16 ottobre 2020 | 23.25
LETTURA: 4 minuti


As the United Nations Food and Agriculture Organization marked its 75th anniversary on Friday, the COVID-19 pandemic has made its mission to end hunger and nourish the world even more crucial, FAO Director-General Qu Dongyu said.

"The present moment is again fraught with danger, complicated, and demands urgent action. As hunger grows once more, as the COVID-19 pandemic exposes the fragility of our food systems, history is calling upon us once more to rise to the challenge," urged Qu.

Qu was addressing FAO's global 75th Anniversary/World Food Day virtual event in Rome, which brought together Pope Francis; Italy's President; Lesotho's King and Spain's Queen - FAO Special Goodwill Ambassadors for Nutrition; UN's Secretary General; and the heads of IFAD and WFP.

World Food Day is marked this year as global hunger rises for the fifth consecutive year and a healthy diet is out of reach for 3 billion people. Nearly 700 million people still go hungry, and the pandemic could tip up to 132 million more into hunger by the end of 2020, FAO said in a statement.

This year's World Food Day aims to galvanize and accelerate action towards ending hunger and malnutrition in all its forms, and to make food and agriculture an essential part of the COVID-19 response.

Global solidarity and building more resilient, robust agri-food systems that can withstand shocks, deliver affordable and sustainable healthy diets for all, and decent livelihoods for all workers along the food supply chain, are all key, noted the event's speakers.

"Now is the time to rethink our approaches and redouble our efforts," said Qu.

Qu highlighted the importance of pioneering sciences and technologies.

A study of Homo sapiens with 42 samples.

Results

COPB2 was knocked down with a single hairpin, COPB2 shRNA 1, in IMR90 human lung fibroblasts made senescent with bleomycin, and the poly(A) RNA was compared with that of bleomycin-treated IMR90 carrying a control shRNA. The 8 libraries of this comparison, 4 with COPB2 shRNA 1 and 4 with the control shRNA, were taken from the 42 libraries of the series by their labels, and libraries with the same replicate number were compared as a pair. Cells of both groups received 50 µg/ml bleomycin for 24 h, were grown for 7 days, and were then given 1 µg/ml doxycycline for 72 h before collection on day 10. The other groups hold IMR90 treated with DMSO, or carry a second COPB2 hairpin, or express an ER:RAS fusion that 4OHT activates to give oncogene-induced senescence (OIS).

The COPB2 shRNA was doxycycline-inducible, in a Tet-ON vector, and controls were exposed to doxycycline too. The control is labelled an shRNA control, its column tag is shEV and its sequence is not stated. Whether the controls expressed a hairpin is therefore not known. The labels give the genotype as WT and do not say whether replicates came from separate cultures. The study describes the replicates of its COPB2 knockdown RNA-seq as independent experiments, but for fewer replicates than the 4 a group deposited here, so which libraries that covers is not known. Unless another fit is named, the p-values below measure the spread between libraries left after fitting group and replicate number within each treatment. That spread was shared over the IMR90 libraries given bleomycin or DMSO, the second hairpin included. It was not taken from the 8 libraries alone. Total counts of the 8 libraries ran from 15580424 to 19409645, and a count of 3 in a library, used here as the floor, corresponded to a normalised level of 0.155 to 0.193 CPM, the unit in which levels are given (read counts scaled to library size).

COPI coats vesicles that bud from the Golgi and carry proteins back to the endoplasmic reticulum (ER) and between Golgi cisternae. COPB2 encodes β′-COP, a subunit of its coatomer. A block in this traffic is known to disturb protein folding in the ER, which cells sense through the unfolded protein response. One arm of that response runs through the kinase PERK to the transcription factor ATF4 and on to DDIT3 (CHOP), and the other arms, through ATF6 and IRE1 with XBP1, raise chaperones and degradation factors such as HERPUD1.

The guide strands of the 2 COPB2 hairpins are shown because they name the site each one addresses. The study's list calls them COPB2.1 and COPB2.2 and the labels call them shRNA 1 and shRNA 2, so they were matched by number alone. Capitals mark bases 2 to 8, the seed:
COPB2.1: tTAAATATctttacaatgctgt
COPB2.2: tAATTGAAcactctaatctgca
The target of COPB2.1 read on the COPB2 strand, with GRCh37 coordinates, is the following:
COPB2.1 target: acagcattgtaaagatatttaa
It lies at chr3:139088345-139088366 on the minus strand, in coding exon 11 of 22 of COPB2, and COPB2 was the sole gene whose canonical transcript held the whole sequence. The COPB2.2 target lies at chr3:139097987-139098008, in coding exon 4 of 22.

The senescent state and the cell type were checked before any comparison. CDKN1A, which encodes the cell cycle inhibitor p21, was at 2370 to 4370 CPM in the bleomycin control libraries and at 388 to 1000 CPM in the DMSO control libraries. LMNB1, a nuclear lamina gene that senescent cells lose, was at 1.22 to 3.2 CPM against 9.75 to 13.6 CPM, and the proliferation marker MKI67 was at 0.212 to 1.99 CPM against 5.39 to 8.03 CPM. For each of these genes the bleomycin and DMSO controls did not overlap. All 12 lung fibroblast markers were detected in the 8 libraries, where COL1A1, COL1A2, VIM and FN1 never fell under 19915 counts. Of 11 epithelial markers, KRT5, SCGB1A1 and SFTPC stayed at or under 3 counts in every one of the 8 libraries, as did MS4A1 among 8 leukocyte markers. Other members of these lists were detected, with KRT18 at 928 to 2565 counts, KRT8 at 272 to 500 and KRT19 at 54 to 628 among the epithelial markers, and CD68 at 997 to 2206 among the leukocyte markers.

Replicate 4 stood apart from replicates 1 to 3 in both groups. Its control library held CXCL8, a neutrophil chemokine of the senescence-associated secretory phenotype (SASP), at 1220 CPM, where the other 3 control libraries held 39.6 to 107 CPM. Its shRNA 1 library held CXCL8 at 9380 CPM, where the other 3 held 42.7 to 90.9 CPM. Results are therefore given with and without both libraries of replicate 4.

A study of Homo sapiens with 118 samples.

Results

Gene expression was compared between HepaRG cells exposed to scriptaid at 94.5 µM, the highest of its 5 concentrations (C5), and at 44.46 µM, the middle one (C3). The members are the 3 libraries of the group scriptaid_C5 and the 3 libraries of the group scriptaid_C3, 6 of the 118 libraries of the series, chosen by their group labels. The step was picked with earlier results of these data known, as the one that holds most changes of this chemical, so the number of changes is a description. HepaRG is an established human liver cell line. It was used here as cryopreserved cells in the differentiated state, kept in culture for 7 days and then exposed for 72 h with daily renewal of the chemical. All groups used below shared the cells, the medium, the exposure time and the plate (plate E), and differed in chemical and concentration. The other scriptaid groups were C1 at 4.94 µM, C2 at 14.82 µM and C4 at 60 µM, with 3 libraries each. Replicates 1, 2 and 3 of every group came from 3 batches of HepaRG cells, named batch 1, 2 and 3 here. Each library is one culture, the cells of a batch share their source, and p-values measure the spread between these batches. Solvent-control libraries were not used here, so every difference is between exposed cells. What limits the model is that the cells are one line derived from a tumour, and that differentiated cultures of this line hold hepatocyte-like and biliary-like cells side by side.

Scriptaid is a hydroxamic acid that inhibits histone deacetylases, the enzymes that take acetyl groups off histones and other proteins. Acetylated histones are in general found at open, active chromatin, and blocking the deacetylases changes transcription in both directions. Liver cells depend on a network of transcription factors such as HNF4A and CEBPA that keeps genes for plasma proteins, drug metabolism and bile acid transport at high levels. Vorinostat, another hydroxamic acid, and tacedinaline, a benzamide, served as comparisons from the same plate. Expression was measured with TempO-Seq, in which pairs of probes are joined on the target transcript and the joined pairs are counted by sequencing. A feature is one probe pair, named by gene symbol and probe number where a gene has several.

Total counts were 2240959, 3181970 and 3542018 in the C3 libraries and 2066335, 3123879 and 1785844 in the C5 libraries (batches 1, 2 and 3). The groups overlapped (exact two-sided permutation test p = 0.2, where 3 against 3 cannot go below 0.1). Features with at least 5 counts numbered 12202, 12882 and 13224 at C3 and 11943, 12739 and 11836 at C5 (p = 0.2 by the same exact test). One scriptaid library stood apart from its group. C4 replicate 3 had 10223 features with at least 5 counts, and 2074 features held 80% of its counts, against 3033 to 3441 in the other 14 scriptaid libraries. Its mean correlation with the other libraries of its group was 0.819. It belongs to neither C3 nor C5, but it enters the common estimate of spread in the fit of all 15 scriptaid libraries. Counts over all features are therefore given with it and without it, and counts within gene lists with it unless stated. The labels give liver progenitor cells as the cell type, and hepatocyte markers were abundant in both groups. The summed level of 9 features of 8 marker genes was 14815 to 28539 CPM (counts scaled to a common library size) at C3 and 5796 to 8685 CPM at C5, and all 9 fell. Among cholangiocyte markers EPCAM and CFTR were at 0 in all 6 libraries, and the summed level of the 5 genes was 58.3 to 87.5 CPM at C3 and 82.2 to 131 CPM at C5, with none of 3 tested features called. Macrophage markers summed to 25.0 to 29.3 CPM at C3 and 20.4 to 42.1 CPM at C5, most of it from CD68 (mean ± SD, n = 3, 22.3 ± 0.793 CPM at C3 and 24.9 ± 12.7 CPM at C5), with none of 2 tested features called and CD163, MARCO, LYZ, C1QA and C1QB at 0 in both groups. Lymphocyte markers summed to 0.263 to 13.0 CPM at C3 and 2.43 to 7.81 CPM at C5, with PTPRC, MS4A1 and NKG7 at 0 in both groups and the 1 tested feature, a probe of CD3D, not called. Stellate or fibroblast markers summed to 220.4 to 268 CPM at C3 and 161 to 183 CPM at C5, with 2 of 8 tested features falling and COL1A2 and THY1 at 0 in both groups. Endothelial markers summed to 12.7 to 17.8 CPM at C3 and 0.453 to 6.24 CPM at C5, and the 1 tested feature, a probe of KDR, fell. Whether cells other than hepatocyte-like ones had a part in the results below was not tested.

"Innovation is our ally in re-imagining our food systems and ending hunger, as we are morally and politically bound to do in the next ten years," he underlined.

Saluting FAO's anniversary, Pope Francis described the organization's mission as "beautiful and important".

Francis urged for more support for FAO's and all UN food agencies' initiatives that promote sustainable and diversified agriculture, and aid small farming communities and the rural development of the poorest countries.

Using the money spent on arms and military expenses for defeating hunger and rural development instead would also be a "courageous decision", said the Pope.

"Hunger is not merely a disaster for humanity but also a disgrace... We cannot fail to respond or to act. We all are responsible," said the pontiff.

The Pope's words were echoed by UN's Secretary-General Antonio Guterres who called for intensified efforts to achieve the vision of Sustainable Development Goals - "a future where everyone everywhere has access to the nutrition they need".

To inspire action towards this vision, Guterres said, he will convene a Food Systems Summit next year.

Noting that his country was proud to host FAO's headquarters, Italy's President Sergio Mattarella said he welcomed FAO and Qu's commitment to work with Italy and many other countries in forging a 'food coalition' aimed at containing the effects of COVID-19 on food systems".

This is the moment of "crucial choices", and of "a serious global commitment...for future generations," concluded Mattarella ".

FAO Goodwill Ambassadors for Nutrition, King Letsie III of Lesotho and Queen Letizia of Spain stressed that healthy diets were everyone's right.

Letsie III underlined that most of the people who cannot afford to eat healthily live in Africa and Asia and called for "concerted efforts to bring down the cost of nutritious foods" so more people can afford them.

"The nutritional status of the most vulnerable populations groups is likely to deteriorate further as a result of the destructive health and social economic impact of COVID-19," warned King Letsie III.

"The year 2021 is looking very bleak. But I believe that if we reach deep into the hearts and pockets of the people around the world, we can perform another miracle," said David Beasley, Executive Director of WFP.

WFP last week won the Nobel peace prize for its work in improving the conditions for peace in conflict zones.

"But as long as we have man-made conflicts, we will never end hunger," Beasley said.

"It is critical that we end the wars, it is critical that we respond to climate extremes," he underlined.

This year's World Food Day honours all food heroes, who in the face of adversity continue to provide food to their communities and beyond.

Events in over 150 countries were held on Friday to mark World Food Day, to celebrate the planet's food heroes and FAO's anniversary. These events included a FAO video mapping show Rome's Colosseum landmark.